AAPA’s Top Federal Priority Secured in Bipartisan Agreement
December 22, 2020
AAPA commends Congress for passing legislation authorizing PAs to receive direct payment under Medicare as part of the Coronavirus Relief & Omnibus Agreement, which is expected to be signed into law by the president soon.
The PA Direct Payment Act (S.596/H.R. 1052) was included in the omnibus, along with a number of additional changes related to the Medicare program, and will take effect January 1, 2022.
Enactment of the PA Direct Payment Act will place PAs on equal footing with other Medicare providers who can be directly paid for services provided to Medicare patients. Current Medicare policy requires that the employer of a PA be paid for services provided to Medicare patients. However, other health professionals – physicians, advanced practice registered nurses (APRNs), physical therapists, psychologists, podiatrists, social workers, and others – are permitted to receive direct payment under their own name and National Provider Identifier number.
“The difficulties PAs face as a result of this outdated policy have never been more evident than during the COVID-19 pandemic,” said AAPA President and Chair of the Board Beth R. Smolko, DMSc, MMS, PA-C, DFAAPA. “AAPA leadership and advocacy staff have worked tirelessly to make the case to Congress that it was necessary to pass this legislation in order to modernize Medicare and fully utilize the PA workforce when our nation is confronting the pandemic. By including this bill in the omnibus, Congress has demonstrated its commitment to improving access to quality healthcare services provided by PAs. AAPA extends our gratitude to Congress for working to get a bipartisan agreement across the finish line that includes many updates to Medicare policy as well as providing much-needed support to American families and businesses.”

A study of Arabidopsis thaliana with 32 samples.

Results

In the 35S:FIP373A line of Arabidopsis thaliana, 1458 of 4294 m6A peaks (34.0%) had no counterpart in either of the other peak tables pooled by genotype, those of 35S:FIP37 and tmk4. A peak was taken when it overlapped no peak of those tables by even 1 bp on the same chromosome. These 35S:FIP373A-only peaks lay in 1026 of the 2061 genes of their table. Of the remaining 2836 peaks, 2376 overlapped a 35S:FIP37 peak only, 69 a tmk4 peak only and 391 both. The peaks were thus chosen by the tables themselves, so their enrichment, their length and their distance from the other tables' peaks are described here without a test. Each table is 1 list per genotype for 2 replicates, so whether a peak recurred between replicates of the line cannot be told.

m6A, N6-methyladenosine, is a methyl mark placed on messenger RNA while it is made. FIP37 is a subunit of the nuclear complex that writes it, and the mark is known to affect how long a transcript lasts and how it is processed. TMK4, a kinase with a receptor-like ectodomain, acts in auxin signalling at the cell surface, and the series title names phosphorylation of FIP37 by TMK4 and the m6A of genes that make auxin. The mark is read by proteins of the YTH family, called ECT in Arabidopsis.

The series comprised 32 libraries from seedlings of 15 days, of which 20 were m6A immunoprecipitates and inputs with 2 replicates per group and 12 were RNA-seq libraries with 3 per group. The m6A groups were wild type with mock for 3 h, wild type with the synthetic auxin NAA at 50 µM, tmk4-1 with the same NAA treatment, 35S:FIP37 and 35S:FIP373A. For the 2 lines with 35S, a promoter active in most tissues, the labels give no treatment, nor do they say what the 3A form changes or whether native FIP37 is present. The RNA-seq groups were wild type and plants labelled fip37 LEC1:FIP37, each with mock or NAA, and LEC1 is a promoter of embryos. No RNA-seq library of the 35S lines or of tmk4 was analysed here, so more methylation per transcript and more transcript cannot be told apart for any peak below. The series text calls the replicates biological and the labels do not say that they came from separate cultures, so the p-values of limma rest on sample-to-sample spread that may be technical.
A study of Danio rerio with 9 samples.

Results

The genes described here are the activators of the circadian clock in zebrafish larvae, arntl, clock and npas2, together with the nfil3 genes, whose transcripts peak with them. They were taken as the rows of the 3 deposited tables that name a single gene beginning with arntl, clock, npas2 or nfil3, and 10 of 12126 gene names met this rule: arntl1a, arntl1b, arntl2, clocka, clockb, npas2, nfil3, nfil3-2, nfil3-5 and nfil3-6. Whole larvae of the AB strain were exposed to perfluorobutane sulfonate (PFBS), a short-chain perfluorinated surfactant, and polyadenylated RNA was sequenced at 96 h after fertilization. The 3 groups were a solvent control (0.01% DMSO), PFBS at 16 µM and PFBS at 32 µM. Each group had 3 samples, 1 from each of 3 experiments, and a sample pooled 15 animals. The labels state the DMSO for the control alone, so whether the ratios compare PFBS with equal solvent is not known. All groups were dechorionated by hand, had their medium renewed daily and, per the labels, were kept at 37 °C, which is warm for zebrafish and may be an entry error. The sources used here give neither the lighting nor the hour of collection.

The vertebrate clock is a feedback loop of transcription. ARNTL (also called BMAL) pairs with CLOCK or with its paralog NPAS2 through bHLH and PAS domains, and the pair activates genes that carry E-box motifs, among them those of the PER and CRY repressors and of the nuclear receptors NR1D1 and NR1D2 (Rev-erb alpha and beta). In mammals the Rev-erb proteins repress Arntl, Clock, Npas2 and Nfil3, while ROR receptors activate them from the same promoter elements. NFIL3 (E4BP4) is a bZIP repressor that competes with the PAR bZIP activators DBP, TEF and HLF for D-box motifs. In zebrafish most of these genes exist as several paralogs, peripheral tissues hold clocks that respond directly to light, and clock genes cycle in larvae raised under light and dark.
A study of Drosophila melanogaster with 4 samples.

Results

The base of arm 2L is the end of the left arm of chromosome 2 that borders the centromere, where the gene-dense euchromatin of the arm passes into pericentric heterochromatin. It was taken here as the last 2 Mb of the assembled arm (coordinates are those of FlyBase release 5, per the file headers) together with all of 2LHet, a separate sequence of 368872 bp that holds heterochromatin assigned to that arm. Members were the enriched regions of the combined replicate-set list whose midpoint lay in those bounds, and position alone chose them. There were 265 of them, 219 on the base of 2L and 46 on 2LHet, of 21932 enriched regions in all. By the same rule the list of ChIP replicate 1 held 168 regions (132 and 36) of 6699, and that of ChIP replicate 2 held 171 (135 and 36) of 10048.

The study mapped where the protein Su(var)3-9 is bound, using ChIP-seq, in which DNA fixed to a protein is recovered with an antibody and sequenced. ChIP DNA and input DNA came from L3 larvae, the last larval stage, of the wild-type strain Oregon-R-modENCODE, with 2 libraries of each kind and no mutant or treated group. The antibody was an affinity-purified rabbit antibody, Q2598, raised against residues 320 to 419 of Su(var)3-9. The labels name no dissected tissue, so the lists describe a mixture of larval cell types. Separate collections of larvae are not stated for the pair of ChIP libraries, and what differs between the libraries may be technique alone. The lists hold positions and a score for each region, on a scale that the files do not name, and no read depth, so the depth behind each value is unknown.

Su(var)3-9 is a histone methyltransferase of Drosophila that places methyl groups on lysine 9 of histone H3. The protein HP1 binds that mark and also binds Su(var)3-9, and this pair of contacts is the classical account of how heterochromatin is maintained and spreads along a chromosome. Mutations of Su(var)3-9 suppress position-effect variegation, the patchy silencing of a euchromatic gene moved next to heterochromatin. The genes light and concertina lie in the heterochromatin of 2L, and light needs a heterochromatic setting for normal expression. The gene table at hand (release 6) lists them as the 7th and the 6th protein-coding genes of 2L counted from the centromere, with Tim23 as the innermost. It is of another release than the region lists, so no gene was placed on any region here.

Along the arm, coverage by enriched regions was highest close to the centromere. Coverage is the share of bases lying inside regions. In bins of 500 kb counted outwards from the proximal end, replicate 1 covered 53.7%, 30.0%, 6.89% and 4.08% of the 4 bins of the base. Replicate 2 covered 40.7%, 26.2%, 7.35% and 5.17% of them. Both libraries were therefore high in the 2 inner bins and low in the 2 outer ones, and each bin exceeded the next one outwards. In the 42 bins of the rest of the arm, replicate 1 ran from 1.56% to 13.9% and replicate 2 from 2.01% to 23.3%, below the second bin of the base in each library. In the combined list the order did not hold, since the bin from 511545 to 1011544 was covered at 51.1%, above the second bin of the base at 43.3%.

Advocating for passage of the PA Direct Payment Act has been a top priority for AAPA and PA advocates this Congress. Direct payment for PAs is one of the three important legislative pillars of Optimal Team Practice and has been a legislative goal for the organization since 2017. AAPA applauds the primary sponsors of the bill, Senators John Barrasso (R-WY) and Tom Carper (D-DE) in the Senate and U.S. Reps. Terri Sewell (D-AL) and Adrian Smith (R-NE) in the House of Representatives, for shepherding this bill through Congress.
Authorizing PAs to be paid directly by Medicare will ensure they can reassign their payments in a manner similar to physicians and APRNs. It will also ensure PAs who own their own practice in accordance with state law will be able to receive direct pay from the Medicare program. The inability to be paid directly hinders PAs from fully participating in the increasing number of emerging models of healthcare delivery. For example, the restriction often impedes PAs from obtaining employment with healthcare staffing companies or group practices used by hospitals to deliver care because PAs cannot reassign their Medicare payments to the hospital.
The COVID-19 pandemic reinforced the urgent need for the PA Direct Payment Act to become law by bringing to light many of the obstacles faced by PAs as a result of this outdated policy. This is especially the case in rural areas, where Medicare allows PA-owned rural health clinics (RHCs) to receive Medicare payments in some instances. These PA-owned RHCs are only permitted to receive Medicare payment for bundled RHC primary care services. PA-owned RHCs are required to bear the costs of services not included in the bundled payment. For instance, COVID-19 and flu testing, as well as other laboratory services, are not included in the payment bundle for RHC primary care services.
Another key update to Medicare policy included in the omnibus authorizes PAs in RHCs and Federally Qualified Health Centers (FQHCs) to furnish and bill for hospice “attending physician” services when RHC and FQHC patients become terminally ill and elect the hospice benefit.